When devising your Sit & Go tactics, it’s worth remembering that the main focus is playing a smart game. That means being tight for the most part — tighter than you would be in a more open format — but also being prepared to get aggressive as the tournament progresses. Broadly, you should think about varying strategy as you move through tournament phases — from the early game, the mid-game and the endgame.

It’s also worth mentioning that Sit & Go tournaments have a lot of different names. They are sometimes referred to as single-table tournaments or sit-n-go tournaments or just STTs or SnGs.

The Early Game

Tight is right when it comes to the early stages of a Sit & Go.

If you’re playing a regular nine-handed Sit & Go with a decent amount of chips then you’ve really got to batten down the hatches and only come out to play if you’ve got a veritable monster starting hand.

You don’t want to be the player who gets knocked out with middle pair or some trash in the early stages of a Sit & Go. A better strategy is to sit back and let your opponents battle unless you’ve got an extremely strong hand.

This is an excellent time to observe your opponents and get a general read on how they play. Things like whether they are tight or loose. You might be able to spot players that call too much or players that simply play too many hands.

Remember you can’t win a Sit & Go on the first hand but you can certainly lose. Pick your spots very, very carefully in the opening phase of a Sit & Go.

The Mid-Game

The mid-game is one of the most important stages of a Sit & Go — it helps decide how gets paid and who doesn’t — and it can go on for quite some time.

It’s around this point of the tournament where there have been a couple eliminations and players are starting to get serious.

The money bubble is on the horizon during this point of the Sit & Go and it will also help dictate how people are going to play. The big stack will generally try to exert some pressure on the smaller stacks who can’t afford to play marginal hands.

It’s important to stay calm during this stage of the SnG but pay close attention to your stack relative to the blinds. You want to avoid “blinding out” of the tournament, which means being forced all-in by the blinds without getting to choose your hand.

A much better strategy is to start playing aggressively when your chip stack is worth less than 15 big blinds. You’ll be looking for any decent hand, which might include weak aces and smaller pairs.

A common beginner mistake is to wait until you have a premium hand like pocket kings or pocket aces but you only have a few big blinds left. The problem in that situation is that doubling up isn’t going to do much for you. You’ll still only have a handful of big blinds and you’ll be forced all-in regardless.

Meanwhile if you can double up with A-T or some mediocre hand while you have 15 big blinds then you’re suddenly in good shape with over 30 bbs. You might even get your opponents to fold, which will have the same effect.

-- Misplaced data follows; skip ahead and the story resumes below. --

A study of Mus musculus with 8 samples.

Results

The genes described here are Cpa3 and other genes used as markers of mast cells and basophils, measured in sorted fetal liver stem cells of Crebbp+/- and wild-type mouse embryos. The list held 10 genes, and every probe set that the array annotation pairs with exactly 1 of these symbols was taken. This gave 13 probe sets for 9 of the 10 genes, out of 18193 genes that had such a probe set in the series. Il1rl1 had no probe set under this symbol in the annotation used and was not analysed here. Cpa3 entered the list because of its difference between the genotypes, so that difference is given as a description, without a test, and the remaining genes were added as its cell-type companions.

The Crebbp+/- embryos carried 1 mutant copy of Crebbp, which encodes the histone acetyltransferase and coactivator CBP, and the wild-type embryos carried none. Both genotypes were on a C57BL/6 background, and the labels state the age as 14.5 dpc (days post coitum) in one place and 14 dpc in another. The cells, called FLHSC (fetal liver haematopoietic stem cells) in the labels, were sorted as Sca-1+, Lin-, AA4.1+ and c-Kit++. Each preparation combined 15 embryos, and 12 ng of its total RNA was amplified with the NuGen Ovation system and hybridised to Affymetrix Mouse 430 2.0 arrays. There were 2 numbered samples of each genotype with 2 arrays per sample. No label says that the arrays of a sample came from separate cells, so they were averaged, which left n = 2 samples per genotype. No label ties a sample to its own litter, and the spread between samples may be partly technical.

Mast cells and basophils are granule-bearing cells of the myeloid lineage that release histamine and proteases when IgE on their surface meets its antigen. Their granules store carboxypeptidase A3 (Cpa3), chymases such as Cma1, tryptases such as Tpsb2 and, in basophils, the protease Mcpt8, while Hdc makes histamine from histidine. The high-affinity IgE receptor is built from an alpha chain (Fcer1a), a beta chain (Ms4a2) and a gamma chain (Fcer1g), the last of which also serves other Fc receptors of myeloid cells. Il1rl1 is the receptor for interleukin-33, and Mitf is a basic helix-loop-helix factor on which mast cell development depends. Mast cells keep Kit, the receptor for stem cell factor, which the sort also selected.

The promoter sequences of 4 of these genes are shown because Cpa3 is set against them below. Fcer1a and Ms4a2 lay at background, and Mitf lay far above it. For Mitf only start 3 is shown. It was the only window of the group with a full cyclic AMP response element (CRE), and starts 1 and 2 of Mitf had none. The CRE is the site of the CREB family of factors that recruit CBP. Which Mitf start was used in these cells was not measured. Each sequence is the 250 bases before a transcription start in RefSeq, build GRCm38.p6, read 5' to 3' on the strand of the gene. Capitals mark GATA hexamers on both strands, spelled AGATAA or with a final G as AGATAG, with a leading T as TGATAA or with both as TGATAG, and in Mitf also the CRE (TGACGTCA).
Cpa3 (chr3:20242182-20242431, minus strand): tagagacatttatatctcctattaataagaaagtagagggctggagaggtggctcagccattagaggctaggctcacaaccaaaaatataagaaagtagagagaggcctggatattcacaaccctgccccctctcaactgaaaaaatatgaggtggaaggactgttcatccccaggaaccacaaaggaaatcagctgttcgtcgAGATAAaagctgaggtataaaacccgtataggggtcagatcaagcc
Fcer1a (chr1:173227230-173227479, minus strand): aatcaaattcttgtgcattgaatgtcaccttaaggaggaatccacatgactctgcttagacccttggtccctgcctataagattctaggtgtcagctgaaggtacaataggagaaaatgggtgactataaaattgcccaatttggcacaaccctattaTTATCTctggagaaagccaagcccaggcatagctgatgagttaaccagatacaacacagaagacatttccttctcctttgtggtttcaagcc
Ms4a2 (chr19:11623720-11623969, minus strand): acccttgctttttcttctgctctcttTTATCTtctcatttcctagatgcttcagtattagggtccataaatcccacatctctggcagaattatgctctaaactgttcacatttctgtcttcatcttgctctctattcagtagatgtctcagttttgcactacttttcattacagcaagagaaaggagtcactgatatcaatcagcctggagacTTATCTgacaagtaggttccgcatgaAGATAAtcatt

Essentially this is your time to loosen up and start playing some marginal hands. Don’t be afraid to shove with very weak hands if you’re last to act and there are only two relatively tight players behind you.

Try to avoid going out right on the money bubble but understand that it does happen from time to time. Just concentrate on playing solid poker and you should be able to avoid it.

The Endgame

Once you’ve made it into the money — generally the last 2-3 players — you’ll notice that play loosens up even more.

If there’s one short-stacked player who’s just been barely holding on they’ll probably start shoving almost every hand.

You’ll certainly have to get loose but you don’t have to shove every hand unless you’re extremely short stacked. This is a good time to put into use all the information you’ve gathered on your opponents as you attempt to close out the tournament and take home the lion’s share of the prize pool.

Whatever you do, don’t give your stack away for no good reason. Despite the fact you’ve made the money, it’s much more important to finish first. Generally finishing first in a Sit & Go is worth more than three third place finishes.

If you’re the chip leader during this stage of the tournament you can put a considerable amount of pressure on your opponents by raising frequently.


It all comes down to this.

Heads-up poker is very differently than any other kind of poker and you’ll effectively be making a decision every single hand.

It’s worth learning heads-up poker strategy, there are plenty of resources dedicated to the subject, but the best advice is that you’ve got to loosen way up.

You should be playing almost every other hand, regardless of hand strength, as both you and your opponent will be getting dealt plenty of trash hands.

You’ll notice that experienced players can run over brand-new players in heads-up play while hardly ever showing their hand. If you want to avoid getting run over then you’ve got to aggressively fight back, even when you have marginal hands. Don’t be afraid to put chips in the pot. You might even get caught by your opponent with a better hand but you can always get lucky.

Most new players simply don’t bluff enough and you’ve got to open up the range of hands that you play. You would never play K-3, 2-2 or J-8 during the opening stages of a Sit & Go but it’s now time for those hands to shine.

Finally you should never get too down if you lose a Sit & Go. There is plenty of variance and you should be looking at larger sample sizes — we’re talking 20-50 Sit & Go’s — to assess your level of play.